Coming Soon: Hulu to Charge for '30 Rock'

The ironic thing about all these industries like music and journalism wanting to build something just like Hulu is that Hulu doesn't really want to be Hulu, anymore. The free ad-supported hub for movies and television is thinking about charging for its most popular shows, like 30 Rock, Modern Family and House ... all of which I watch. Good news for media, possibly. Bad news for me. Damn my increasingly expensive middlebrow tastes!


The Big Money's Chadwick Matlin has done a marvelous job explaining the existential crisis at Hulu, which he sums up this way: "Hulu's business model is all the rage with everybody but its owners." Recently music makers have come together to roll out Vevo, a site that plays high quality, ad-supported music videos. Journalism publishers are close to launching an online magazine "storefront" where users pay for bundled magazine deals, or something like that.

If I had to guess, I'd think the future of Hulu is going to be a combination of free ad-supported television and paid content. The transition could happen slowly. First, Hulu might build a small paywall around its most popular content to see how many users make the jump. If that works, it could turn to bundles. In other words, if you buy the ABC package you might pay $5 a month to watch every episode from every ABC show without ads. This would make Hulu work a lot like TV's answer to Netflix, which Chad reports announced 42 percent of its subscribers are streaming content digitally.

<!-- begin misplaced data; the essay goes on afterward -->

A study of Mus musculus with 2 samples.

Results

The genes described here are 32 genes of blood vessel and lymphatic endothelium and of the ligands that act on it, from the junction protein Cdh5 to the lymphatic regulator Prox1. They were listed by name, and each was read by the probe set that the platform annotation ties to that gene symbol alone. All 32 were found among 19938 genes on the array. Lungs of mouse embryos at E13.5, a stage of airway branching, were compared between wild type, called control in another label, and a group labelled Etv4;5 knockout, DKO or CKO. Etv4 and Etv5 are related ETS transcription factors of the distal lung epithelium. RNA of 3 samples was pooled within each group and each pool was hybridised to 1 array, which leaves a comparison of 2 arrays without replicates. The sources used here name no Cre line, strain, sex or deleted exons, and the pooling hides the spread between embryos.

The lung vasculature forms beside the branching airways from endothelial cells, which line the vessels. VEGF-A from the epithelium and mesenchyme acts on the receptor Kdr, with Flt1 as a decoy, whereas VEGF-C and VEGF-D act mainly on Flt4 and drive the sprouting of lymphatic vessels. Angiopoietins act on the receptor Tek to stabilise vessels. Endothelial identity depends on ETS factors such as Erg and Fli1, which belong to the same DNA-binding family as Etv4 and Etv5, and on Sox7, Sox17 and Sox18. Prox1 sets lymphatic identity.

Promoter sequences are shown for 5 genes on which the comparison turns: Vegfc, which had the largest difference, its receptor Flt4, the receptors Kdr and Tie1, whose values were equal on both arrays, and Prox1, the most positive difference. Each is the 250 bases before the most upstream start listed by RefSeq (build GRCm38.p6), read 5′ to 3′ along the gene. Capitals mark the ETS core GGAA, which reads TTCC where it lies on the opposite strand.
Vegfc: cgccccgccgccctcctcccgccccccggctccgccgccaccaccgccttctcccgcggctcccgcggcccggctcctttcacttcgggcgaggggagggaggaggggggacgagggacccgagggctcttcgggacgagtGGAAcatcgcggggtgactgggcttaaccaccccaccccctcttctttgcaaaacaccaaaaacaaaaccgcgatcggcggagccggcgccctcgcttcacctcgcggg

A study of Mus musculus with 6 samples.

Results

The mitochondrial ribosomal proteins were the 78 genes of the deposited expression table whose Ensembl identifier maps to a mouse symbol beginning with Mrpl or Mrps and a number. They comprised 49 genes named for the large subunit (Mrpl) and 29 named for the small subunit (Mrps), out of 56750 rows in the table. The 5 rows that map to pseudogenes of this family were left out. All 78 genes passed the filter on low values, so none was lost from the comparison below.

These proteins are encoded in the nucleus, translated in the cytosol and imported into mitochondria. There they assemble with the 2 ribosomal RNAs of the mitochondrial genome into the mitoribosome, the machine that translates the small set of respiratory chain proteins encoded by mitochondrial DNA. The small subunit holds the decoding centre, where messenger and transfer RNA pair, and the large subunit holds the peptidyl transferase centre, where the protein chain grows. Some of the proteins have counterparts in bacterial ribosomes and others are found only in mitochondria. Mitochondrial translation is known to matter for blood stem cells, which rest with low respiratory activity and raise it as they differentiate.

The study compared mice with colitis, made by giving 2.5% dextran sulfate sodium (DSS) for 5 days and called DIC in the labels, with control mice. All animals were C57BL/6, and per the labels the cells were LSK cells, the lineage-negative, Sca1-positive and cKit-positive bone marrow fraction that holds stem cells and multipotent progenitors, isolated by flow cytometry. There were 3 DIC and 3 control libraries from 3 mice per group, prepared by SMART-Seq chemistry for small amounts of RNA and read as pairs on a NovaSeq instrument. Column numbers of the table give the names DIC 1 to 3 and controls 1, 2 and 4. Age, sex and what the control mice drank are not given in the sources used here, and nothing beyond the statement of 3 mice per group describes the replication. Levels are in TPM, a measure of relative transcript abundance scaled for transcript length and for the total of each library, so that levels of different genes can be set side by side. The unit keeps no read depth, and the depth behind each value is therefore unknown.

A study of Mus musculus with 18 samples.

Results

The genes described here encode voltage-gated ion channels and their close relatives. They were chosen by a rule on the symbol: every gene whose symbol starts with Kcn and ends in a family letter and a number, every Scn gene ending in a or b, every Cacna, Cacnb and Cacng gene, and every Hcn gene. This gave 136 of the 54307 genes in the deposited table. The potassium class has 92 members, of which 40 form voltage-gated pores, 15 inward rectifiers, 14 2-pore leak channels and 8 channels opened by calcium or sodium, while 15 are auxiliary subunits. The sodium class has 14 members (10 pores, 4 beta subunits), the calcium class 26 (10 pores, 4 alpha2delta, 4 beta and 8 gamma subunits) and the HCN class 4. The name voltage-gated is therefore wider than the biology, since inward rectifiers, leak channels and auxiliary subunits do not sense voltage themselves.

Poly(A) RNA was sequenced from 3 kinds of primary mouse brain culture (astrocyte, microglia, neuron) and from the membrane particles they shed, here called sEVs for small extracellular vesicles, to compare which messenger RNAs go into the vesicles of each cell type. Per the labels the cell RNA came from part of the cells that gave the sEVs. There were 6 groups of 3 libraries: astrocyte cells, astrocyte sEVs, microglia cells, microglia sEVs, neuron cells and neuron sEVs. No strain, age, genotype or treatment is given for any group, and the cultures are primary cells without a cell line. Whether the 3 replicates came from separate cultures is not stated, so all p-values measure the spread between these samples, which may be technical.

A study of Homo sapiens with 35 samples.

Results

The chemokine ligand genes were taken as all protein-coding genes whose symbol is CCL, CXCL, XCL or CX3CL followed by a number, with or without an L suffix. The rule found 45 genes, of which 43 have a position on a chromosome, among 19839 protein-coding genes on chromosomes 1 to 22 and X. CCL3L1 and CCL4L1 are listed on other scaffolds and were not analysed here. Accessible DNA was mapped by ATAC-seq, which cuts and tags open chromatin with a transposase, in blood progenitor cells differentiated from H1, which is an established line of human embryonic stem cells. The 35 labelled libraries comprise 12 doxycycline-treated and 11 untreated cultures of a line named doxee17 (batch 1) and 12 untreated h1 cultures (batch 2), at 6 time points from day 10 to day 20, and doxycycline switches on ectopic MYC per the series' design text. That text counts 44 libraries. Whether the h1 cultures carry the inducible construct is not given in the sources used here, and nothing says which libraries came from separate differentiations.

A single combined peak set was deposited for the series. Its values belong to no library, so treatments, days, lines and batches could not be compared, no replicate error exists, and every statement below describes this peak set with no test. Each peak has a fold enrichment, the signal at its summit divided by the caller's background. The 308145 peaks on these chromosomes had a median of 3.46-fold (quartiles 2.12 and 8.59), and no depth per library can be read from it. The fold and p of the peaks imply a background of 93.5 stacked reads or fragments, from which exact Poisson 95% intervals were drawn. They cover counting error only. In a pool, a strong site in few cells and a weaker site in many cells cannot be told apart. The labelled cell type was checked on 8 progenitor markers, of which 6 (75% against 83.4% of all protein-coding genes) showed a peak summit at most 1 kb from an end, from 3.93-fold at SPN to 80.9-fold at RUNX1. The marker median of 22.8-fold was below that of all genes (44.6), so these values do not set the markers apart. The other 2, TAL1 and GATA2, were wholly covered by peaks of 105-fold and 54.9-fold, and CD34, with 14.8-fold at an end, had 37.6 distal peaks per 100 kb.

But this remains the central problem: If you want people to pay for journalism, you can't give it away from free. Magazines still give away most of their content online, so why would I ever want to visit a swanky "storefront" to pay for what I already have? Similarly, in order to make people pay to watch TV online, you have to stop giving it away for free on NBC.com, ABC.com and so forth. People don't like spending money, and they're very good at finding loopholes around paid content (...ask the music industry).